Valeant faces allegations that an allied pharmacy changed prescriptions to specificy use of brand-name Valeant drugs.

(Bloomberg) — Striking a more reflective tone and pledging to listen to critics, Valeant Pharmaceuticals International Inc. Chief Executive Officer Mike Pearson sought to regain confidence from investors in remarks that painted a fuller picture of the drugmaker’s financial exposure to a controversial pharmacy partner.

In his first public comments since Valeant said it would cut ties with Philidor Rx Services, Pearson warned that the impact of the decision would meaningfully affect the dermatology business, which makes up almost a fifth of total revenue. On a conference call Tuesday, he said the company was working to forge better relationships with insurers and to create a new program to ensure patients could get and afford the company’s products.

“The past few weeks have been a painful learning experience for me personally, and I know it has been painful for many of you as well,” Pearson said.

Concerns about Philidor and other business practices by Valeant, such as how it prices its drugs, have turned the drugmaker from one of the market’s top-performing stocks into one of its worst. From 2010, Valeant shares rose more than 10-fold to peak in August. Since then, they have lost 67 percent of their value, as of Monday’s close.

“One of the consequences of such rapid growth is that you don’t always take the time to listen to what the broader world outside your company is saying,” Pearson said. “This has been a mistake on our part as a company and on my part as its leader. We’re going to fix that.”

That message was more conciliatory than Pearson’s comments in an Oct. 26 call, when the CEO first sought to deny allegations that the company was inflating sales figures through its relationship with Philidor. On that earlier call, while he acknowledged being slow to answer investors’ questions, he also lashed out at stock commentary site Citron Research, which he accused of the equivalent of yelling “Fire!” in a crowded theater.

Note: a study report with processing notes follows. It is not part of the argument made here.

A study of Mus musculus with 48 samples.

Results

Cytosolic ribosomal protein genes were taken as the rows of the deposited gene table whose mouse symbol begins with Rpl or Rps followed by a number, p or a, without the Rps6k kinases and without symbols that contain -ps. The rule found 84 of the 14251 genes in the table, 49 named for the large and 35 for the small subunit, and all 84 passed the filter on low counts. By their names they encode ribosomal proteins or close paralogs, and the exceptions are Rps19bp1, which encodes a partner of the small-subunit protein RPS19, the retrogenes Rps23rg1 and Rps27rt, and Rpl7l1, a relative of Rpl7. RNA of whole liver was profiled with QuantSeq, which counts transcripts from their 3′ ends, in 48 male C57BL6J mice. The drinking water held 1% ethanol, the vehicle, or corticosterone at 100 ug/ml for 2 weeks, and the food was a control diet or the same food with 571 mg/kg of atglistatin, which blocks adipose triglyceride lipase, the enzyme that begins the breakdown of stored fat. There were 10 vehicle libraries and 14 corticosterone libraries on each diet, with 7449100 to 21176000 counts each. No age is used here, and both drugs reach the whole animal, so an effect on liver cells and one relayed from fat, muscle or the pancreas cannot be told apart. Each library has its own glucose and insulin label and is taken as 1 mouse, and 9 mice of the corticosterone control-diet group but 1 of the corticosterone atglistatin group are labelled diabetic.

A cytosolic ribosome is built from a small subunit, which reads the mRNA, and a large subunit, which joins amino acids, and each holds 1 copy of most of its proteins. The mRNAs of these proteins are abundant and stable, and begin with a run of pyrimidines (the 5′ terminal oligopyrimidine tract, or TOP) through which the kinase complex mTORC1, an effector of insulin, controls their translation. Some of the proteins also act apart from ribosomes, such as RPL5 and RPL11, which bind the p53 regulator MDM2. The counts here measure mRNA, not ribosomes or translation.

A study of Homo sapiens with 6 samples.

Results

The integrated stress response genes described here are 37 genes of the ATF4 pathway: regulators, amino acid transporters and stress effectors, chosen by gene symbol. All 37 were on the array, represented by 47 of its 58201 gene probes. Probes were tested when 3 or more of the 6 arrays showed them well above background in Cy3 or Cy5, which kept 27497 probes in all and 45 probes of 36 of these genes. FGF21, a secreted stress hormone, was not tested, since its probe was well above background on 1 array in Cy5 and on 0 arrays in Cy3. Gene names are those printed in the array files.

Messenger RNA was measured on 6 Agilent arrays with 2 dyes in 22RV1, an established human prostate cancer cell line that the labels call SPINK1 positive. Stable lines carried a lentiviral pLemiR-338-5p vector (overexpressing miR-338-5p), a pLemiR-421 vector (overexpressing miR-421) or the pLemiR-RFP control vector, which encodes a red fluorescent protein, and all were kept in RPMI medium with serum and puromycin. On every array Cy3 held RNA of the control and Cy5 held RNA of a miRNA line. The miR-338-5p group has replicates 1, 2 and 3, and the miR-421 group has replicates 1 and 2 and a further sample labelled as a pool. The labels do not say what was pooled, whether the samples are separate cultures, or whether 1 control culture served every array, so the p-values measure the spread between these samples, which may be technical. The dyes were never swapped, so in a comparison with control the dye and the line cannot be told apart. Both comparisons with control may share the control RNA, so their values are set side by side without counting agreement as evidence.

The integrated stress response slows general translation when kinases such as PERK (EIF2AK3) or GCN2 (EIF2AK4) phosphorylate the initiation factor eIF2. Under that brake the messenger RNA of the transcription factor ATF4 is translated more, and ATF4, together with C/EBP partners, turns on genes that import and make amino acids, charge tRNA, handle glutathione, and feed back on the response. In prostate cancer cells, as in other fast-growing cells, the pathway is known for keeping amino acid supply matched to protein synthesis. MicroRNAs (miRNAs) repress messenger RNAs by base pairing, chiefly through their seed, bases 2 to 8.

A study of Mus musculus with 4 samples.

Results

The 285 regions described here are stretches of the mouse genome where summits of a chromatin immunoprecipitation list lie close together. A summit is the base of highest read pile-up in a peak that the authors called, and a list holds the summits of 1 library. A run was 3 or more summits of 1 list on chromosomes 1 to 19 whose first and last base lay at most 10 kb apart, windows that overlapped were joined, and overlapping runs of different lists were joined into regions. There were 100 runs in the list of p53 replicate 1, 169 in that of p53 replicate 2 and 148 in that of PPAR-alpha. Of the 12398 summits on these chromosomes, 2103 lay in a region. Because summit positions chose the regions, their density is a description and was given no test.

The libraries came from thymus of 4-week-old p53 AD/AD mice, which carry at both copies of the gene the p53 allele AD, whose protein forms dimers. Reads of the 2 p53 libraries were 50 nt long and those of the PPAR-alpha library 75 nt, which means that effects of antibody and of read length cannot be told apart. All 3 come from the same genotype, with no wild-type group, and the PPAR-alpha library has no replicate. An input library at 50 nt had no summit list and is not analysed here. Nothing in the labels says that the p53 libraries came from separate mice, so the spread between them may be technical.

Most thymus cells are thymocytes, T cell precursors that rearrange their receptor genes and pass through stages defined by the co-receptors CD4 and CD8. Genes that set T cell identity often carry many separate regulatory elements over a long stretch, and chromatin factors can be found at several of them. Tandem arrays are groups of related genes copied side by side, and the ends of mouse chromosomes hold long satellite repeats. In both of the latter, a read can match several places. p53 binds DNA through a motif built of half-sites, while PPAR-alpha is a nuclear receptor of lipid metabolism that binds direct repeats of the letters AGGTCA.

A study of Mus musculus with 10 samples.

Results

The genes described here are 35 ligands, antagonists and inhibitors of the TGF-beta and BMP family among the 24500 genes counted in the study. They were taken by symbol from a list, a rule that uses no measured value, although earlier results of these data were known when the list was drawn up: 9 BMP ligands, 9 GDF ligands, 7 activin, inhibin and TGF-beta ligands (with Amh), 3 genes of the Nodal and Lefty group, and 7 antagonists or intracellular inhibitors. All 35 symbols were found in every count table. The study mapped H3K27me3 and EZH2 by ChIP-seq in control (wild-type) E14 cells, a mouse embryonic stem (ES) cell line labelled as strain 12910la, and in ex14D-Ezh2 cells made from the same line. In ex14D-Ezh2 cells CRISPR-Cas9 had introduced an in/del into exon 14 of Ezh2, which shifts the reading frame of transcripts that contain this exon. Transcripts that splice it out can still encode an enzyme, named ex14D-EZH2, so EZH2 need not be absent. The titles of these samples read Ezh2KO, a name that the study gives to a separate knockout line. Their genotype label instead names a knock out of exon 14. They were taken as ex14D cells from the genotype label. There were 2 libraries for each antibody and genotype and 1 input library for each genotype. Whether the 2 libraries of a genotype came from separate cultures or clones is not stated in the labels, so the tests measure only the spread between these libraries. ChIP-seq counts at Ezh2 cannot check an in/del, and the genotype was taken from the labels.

Investors remained skeptical Tuesday. The shares slid 3 percent to $82.85 in early trading, headed for their first decline in the past three trading days.


“Other allegations were made, in terms of the practices of Philidor,” Pearson said Tuesday. “Management felt that given those allegations, given what was happening to our share price, that the best course of action was to cut ties with Philidor.”


“In the very short term, disruption in our dermatology business will be significant,” Pearson said on a conference call Tuesday. Dermatological sales were $465.5 million in the U.S. last quarter, out of total revenue of $2.79 billion. Philidor represented about $190 million in third-quarter sales, almost all of which were for dermatological products, Pearson said.

Bill Ackman, the billionaire hedge fund manager who runs Pershing Square Capital Management LP, is Valeant’s third-biggest holder and has been one of the drugmaker’s biggest defenders. On a conference call with investors Monday, Ackman called the company “largely a victim of fear and panic.”

Valeant said on Oct. 19 that it might sell its neurology drugs unit, would invest more in research and development, and was less likely to buy companies and then raise the prices of drugs acquired in the deal. Pearson said on Oct. 26 the Philidor issue had put the possible sale of the neurology unit “on the back burner.”

Valeant has said it will host an investor day and update financial forecasts before the end of the year.